The ceremony was held under the patronage of H H Sayyid Shihab bin Tariq bin Taimour al Said, advisor to His Majesty Sultan Qaboos bin Said, in the presence of Dr Tedros Adhanom Ghebreyesus, director general of the World Health Organization (WHO) and H E Dr Ahmed bin Mohammed bin Obaid al Saeedi, Minister of Health along with a number of their highnesses and excellencies.
The national plan aims at reducing the premature deaths resulting from NCDs by 25 per cent by 2025, and has eight chapters addressing various aspects of prevention and control.
It focuses on combating four main diseases: cardiovascular diseases, cancer, respiratory diseases and diabetes. In addition, the plan addresses the main risk factors including lack of physical activity, unhealthy diet and smoking, as well focusing on the awareness and media aspects. All relevant sectors were involved in developing this plan, which was revised by the WHO team and has been translated into English.
Addressing the gathering, H E Dr Saeedi said that the launch is a result of the collective work which lasted for nearly two years involving all health relevant sectors and a number of national and international partners. It has resulted in a national policy to address the priorities and challenges of the health system in the sultanate.
H E Dr Saeedi added that NCDs are the real risk and one of the biggest challenges to development in the 21st century. They represent the major cause of morbidity and mortality global wise.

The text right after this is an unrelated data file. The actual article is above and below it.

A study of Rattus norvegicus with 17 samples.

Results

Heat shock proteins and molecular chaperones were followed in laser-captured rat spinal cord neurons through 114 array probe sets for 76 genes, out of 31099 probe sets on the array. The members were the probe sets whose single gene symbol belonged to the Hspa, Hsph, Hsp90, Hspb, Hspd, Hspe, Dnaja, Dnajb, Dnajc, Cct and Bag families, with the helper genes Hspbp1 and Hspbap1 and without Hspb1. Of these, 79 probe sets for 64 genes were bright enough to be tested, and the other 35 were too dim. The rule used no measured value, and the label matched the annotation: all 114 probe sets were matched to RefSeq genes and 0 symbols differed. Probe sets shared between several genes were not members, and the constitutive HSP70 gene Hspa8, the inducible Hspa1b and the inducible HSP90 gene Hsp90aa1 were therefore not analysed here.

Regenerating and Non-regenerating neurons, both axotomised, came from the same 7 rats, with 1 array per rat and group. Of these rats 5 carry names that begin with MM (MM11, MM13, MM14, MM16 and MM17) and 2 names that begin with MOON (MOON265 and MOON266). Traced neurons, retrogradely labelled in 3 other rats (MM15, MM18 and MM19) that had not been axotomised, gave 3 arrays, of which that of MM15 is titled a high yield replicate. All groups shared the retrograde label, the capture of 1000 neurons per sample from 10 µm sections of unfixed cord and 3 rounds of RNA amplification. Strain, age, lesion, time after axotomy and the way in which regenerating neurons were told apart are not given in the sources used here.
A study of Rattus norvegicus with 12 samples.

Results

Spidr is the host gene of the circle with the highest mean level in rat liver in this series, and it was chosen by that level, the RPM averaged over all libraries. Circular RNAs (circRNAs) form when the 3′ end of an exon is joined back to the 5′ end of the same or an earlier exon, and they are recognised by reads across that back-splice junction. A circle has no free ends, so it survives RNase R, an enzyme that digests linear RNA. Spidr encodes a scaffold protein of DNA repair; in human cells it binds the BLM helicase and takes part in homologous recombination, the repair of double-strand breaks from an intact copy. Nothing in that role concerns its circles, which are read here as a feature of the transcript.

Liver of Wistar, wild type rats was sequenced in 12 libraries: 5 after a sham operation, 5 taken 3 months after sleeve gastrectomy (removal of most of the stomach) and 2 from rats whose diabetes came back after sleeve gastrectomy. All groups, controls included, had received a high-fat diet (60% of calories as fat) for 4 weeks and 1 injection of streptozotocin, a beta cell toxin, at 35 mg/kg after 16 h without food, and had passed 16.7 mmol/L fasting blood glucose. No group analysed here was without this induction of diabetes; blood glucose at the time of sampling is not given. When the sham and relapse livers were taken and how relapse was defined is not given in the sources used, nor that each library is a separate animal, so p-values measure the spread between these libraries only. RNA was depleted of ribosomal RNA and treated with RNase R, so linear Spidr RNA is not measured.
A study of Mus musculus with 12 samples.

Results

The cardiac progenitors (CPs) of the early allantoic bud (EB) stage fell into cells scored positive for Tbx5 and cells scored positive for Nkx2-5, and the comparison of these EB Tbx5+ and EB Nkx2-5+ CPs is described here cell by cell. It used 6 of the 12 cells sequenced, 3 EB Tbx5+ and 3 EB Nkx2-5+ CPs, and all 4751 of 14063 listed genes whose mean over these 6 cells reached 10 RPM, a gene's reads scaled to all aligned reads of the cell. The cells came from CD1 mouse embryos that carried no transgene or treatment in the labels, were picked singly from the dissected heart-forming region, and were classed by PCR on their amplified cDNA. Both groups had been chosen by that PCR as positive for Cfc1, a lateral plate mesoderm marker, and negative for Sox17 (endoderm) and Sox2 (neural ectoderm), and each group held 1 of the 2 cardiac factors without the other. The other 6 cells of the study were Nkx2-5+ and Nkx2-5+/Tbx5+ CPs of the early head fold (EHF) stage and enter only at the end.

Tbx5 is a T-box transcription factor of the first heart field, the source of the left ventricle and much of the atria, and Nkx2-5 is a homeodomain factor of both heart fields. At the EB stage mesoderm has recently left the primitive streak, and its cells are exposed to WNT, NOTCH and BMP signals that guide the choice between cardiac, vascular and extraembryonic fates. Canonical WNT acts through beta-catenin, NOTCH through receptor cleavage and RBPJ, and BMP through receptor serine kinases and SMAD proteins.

According to WHO, these diseases kill 38mn people annually; half of them are under the age of 70.
In the sultanate, 72.9 per cent of deaths are approximately attributed to NCDs, of which 24.3 per cent are due to cardiovascular diseases and hypertension, seven per cent due to cancers, and 2.2 per cent due to diabetes, according to statistics in 2016.
He said that the ministry is strengthening the participation of all related sectors in accordance with the recommendations of the Council of Ministers.
In this regard, a Ministerial Decision was issued in 2015 on the formulation of a National Committee for Non-Communicable Diseases headed by the MoH Undersecretary for Planning Affairs.
At the event, Dr Ghebreyesus said that Oman has witnessed a dramatic transition in the burden of disease.
“NCDs are now the leading cause of premature mortality in this country. More than half of all Omanis are now overweight or obese. One in four Omani adults have high blood pressure,” he said.
“The prevalence of diabetes has increased by almost 50 per cent since 1991. This is not only devastating from a human point of view, it also has a devastating economic impact, both in terms of the costs of treating people with long-term illnesses, and in terms of lost productivity.”